Book clubs are enormously popular in Canada- many can be found online, but most seem to be “just the neighbours” or “we used to work together.” They range from 6 friends drinking wine and talking very little about the suggested book (partly because not everyone read it) to committed readers interested in deep discussion. Most clubs allow members to take turns recommending books, and from what I see, the majority of book clubs are women-only.
One club that I visited read The Importance of Being Earnest the month after reading The Word Not Spoken. They read the play aloud- each member chose a character, and they read with much merriment. In fact, they dressed in period costume, and the meeting lasted well into the night.
Random House of Canada has an annual contest for book clubs. In 2013, “Book Friends ’72” in Ottawa won after 40 years of regular meetings re: 360 books!
I was only a child when I studied the “Book Club Selections” pages of magazines. Do you remember the stamps that could be torn out and pasted on the order card? I imagined a stamp about my book, and all the people who would pick that stamp.
Writers talk about the “the book club circuit”. Finding the clubs are the first challenge and then getting them to read your book is the next. From there, word of mouth travels. It is really grass roots for a book to become known through book clubs. Fifty Shades of Grey owes its success entirely to book clubs- let’s face it, it is poorly written, the last 2 books embarrassingly so, but as a book club selection, it was perfect fodder for interesting conversation. (Of course, there was nothing grass roots about Oprah’s Book Club- being recommended by her equaled overnight success.)
I’ve been to five book clubs now as a guest author. It’s an all-around win to attend such an evening: the immediacy of the discussion, the personal details, the readers’ feedback.
Mainly, book clubs want to know:
-How much is true?
-What happened to Jess in real life?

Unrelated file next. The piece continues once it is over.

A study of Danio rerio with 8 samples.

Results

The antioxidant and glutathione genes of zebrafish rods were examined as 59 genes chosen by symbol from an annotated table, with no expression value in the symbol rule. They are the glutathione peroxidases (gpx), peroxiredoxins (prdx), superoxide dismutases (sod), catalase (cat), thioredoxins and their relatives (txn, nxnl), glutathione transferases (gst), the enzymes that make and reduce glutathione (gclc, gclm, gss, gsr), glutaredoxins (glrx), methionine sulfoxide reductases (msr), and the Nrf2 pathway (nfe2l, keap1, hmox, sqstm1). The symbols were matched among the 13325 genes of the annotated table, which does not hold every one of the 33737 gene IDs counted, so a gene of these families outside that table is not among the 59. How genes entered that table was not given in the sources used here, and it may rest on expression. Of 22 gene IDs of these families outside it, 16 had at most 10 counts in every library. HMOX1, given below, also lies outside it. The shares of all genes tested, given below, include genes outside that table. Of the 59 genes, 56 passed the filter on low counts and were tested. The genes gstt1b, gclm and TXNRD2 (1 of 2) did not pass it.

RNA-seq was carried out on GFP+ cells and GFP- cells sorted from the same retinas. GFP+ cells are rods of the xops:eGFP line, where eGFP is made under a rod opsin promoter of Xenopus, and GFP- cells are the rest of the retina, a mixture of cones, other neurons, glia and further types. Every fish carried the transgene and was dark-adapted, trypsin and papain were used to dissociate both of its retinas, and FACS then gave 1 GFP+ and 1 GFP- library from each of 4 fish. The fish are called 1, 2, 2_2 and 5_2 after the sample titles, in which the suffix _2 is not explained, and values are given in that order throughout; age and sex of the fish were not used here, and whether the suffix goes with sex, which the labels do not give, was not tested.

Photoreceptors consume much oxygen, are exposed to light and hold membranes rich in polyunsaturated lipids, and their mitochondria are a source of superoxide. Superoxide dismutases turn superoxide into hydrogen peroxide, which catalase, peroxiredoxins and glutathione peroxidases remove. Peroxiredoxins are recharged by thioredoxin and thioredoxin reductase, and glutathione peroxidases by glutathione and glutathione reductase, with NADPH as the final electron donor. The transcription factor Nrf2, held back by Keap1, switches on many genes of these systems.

-How long did it take to write; the writing process/publishing process.
-Am I currently in touch with the family: How are they now? Did Shana marry Memo?
-How do Kurdish and Turkish readers respond to the book?
Mainly, I want to know:
-Did you notice the themes: the animals and water and colours?
-Was the number of deaths too hard on you? How did you feel about the ending?
-How sympathetic did you feel toward Ahmet? The Kurdish situation at the time?
-Did you notice the clues that Ahmet has taken over the story?
-Did you see the “beadwork” in the first and last scenes? The repeated images and words in different contexts?
Some book clubs are into wine and salty hors d’oeuvres; some serve tea in china and homemade cherry tarts. In my experience, they’ve been pleasant groups of women aged 30+ who are travelled, educated and vitally interested in the world around them. I always leave feeling incredibly validated- the “word” is spreading; my promise has been kept.
To release the book, to stop writing and polishing it, was very sad for me. After all, it had been in my pocket for 18 years, and I had spent many holidays, weekends and nights with this friend. It was the place I most loved to go. When I gave up the writing, I feared I’d lost this place, this escape. It has been a relief to learn that I haven’t lost it. In fact, I have only shared it. When I go to that place now, I find others there who love it too and who want to talk about it. To spend an evening talking to people who know who Abla is, who can talk about Ahmet’s mental state and Leigh’s choices, is enormously comforting to me.
In appreciation, I give free e-books to book club members. I bring photos, more personal than the pics on this website. I talk about the healing and personal aspects of my writing journey. But mostly, for me, it is the joy of sharing this story that makes visiting a book club an absolute high.